5.0 out of 5 stars 2 customer reviews
ISBN-13: 978-0231136907
ISBN-10: 0231136900

From Booklist

Friendly is the man who brought Edward R. Murrow into television and later developed the Public Broadcasting System, putting his huge fingerprints on American television in its first 40 years. Journalism scholar Engelman chronicles the life and career of this volatile man, whose memory elicited strong emotions in colleagues interviewed for the book. Although Murrow and Friendly gained heroic status for standing up to McCarthyism, Engelman notes that the pair were late in challenging the rabid anti-communism that put many colleagues on a blacklist. Together, Friendly and Murrow burnished CBS Reports into a major news feature. Friendly’s incendiary temper, challenging CBS corporate heads over coverage of the Vietnam War, led to his departure. But it moved him on to head the Ford Foundation, where he realized an old dream of a public-supported television network. Friendly later went on to the Columbia University journalism school, where he insisted on recruiting more minorities into television. A big man with a big ego, Friendly was so passionate and visionary that his ideals came to be known as Friendlyvision. --Vanessa Bush

Review

Broadcast news might have been saved if we had figured out how to clone Fred Friendly. Read this book and you'll understand the gruff, restless, brilliant, temperamental, and driven giant of a man who fought to make the vast wasteland safe for journalism.

(Bill Moyers, award-winning journalist and public commentator)

Friendlyvision is an important and rigorous piece of scholarship that is also well written and highly readable. A first-rate biography of an important figure, this book conveys the values Fred Friendly enunciated and the industry he helped forge, which remains more important than ever.

(Everette Dennis, Fordham University)

This book is a significant and original contribution, not only because it is the first scholarly biography of an important figure in television, but also because it uses new archival sources to fill gaps in our knowledge and give us an opportunity to reinterpret key events in Fred Friendly's life.

(Don Carleton, Center for American History, University of Texas at Austin)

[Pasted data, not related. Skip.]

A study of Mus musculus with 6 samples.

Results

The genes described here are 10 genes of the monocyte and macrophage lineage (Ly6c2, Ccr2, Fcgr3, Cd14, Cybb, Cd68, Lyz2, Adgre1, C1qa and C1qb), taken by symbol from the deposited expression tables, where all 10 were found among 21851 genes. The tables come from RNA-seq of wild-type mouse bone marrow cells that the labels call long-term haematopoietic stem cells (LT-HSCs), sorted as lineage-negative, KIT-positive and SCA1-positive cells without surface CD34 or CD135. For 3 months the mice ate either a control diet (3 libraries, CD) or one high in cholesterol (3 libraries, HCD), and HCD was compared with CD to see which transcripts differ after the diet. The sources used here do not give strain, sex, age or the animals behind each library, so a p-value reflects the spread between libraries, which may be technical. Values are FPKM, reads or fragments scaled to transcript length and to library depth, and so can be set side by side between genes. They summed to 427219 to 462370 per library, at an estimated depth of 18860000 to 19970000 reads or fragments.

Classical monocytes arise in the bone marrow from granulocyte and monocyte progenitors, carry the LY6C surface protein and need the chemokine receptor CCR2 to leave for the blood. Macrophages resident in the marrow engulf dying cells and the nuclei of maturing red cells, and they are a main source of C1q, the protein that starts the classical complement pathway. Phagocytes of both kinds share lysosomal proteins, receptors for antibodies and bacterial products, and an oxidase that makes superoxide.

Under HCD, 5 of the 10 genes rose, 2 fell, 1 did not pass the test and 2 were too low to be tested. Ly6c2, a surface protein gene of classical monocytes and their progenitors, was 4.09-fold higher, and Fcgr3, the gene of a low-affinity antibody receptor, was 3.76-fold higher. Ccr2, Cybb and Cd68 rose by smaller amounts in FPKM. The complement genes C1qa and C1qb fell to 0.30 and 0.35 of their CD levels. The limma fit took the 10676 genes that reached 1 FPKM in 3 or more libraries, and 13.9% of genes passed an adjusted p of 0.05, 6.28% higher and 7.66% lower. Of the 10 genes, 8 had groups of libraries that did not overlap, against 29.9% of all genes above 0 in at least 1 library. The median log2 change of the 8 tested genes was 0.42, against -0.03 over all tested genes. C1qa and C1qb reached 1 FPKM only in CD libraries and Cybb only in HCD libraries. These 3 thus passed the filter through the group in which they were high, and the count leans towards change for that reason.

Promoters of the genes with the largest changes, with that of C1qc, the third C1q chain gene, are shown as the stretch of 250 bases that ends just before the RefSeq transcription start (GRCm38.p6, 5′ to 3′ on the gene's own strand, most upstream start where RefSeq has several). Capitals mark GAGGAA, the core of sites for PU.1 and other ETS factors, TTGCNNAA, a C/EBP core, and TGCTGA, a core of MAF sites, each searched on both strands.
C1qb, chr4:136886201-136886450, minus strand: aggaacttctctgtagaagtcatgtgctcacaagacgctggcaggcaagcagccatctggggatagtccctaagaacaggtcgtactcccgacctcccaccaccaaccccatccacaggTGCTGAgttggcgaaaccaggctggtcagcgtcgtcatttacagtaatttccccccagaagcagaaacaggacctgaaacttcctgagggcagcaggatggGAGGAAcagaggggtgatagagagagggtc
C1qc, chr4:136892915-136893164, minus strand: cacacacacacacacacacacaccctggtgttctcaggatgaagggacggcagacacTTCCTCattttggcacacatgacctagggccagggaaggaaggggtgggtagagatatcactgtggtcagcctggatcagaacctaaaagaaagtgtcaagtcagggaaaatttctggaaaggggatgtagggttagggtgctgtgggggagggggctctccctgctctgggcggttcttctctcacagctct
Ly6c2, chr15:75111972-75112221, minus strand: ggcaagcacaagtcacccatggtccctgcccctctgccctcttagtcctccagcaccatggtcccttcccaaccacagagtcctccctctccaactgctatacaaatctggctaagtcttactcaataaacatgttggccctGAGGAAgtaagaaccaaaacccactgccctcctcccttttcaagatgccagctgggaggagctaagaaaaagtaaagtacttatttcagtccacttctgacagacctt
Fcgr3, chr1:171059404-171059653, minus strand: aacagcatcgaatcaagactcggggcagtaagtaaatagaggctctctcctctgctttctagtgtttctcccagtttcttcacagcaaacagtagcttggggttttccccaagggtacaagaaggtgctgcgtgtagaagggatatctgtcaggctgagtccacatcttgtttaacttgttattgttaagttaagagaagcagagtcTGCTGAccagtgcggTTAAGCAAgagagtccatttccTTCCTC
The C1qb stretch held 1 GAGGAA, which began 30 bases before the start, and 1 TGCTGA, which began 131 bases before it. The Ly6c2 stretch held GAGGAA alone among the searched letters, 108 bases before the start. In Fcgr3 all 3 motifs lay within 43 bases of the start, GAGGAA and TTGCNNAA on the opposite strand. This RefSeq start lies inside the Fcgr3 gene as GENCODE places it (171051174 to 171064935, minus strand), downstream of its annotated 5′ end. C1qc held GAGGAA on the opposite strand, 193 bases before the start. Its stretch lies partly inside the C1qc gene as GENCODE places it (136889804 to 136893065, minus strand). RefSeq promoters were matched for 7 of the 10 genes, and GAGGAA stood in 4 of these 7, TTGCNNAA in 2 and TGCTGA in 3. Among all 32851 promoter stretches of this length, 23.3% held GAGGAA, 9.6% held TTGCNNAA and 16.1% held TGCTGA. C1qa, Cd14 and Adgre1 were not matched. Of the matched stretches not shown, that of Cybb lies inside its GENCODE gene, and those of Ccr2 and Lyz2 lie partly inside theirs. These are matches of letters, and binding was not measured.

[A] complex, rewarding portrait of one of network television's most memorable figures.

(James Boylan Columbia Journalism Review)

A substantial and useful study of the underknown pioneer whose conviction and energy did much to shape the content and character of American broadcast journalism.

(Kirkus Reviews)

A revelation.... Engelman ably brings [Fred Friendly] to life.

(J. Max Robins Wall Street Journal)

Richly detailed... The book opens a singular window on an important vision that Friendly shared with others... Recommended.

(Choice)

Friendlyvision will likely become not only the authoritative biography of Fred Friendly, but also a valuable secondary text.

(Ben Eltham Media International Australis)

A nuanced and thoughtful portrayal of one of the foremost figures in the history of American broadcast journalism.

(Michael Curtin Journal of American History)

  • Hardcover: 440 pages
  • Publisher: Columbia University Press; 1 edition (April 24, 2009)
  • Language: English
  • ISBN-10: 0231136900
  • ISBN-13: 978-0231136907
  • Product Dimensions: 6.2 x 1.2 x 9.2 inches
  • Shipping Weight: 1.6 pounds (View shipping rates and policies)
  • Average Customer Review: 5.0 out of 5 stars  See all reviews (2 customer reviews)
  • Amazon Best Sellers Rank: #2,785,792 in Books (See Top 100 in Books)

Format: Hardcover
A fascinating book. Ralph Engelman convincingly shows that from the time of his collaboration with Edward R. Murrow in the early 1950s, Fred Friendly was a major force in the rise and decline of television news over the next three decades. Friendly was an invented surname, and only half appropriate. Physically imposing and emotionally fearsome, this TV giant inspired both adoration and contempt while charming and scheming his way to the top of his profession. Friendly was a liberal idealist. He made strenuous efforts to arrest the decline of television journalism. In meticulous detail, Engelman conveys how quixotic this attempt was, even backed by millions of dollars from the Ford Foundation. If you want to understand how the corporate imperative to maximize profits can squeeze the juice out of a major medium of public culture and flatten news into entertainment, this book is essential reading.
Great history on the history of broadcast journalism. Sadly, the media prefers to make economic decisions over substantial issues of the day. We do not need cheerleaders but responsible information.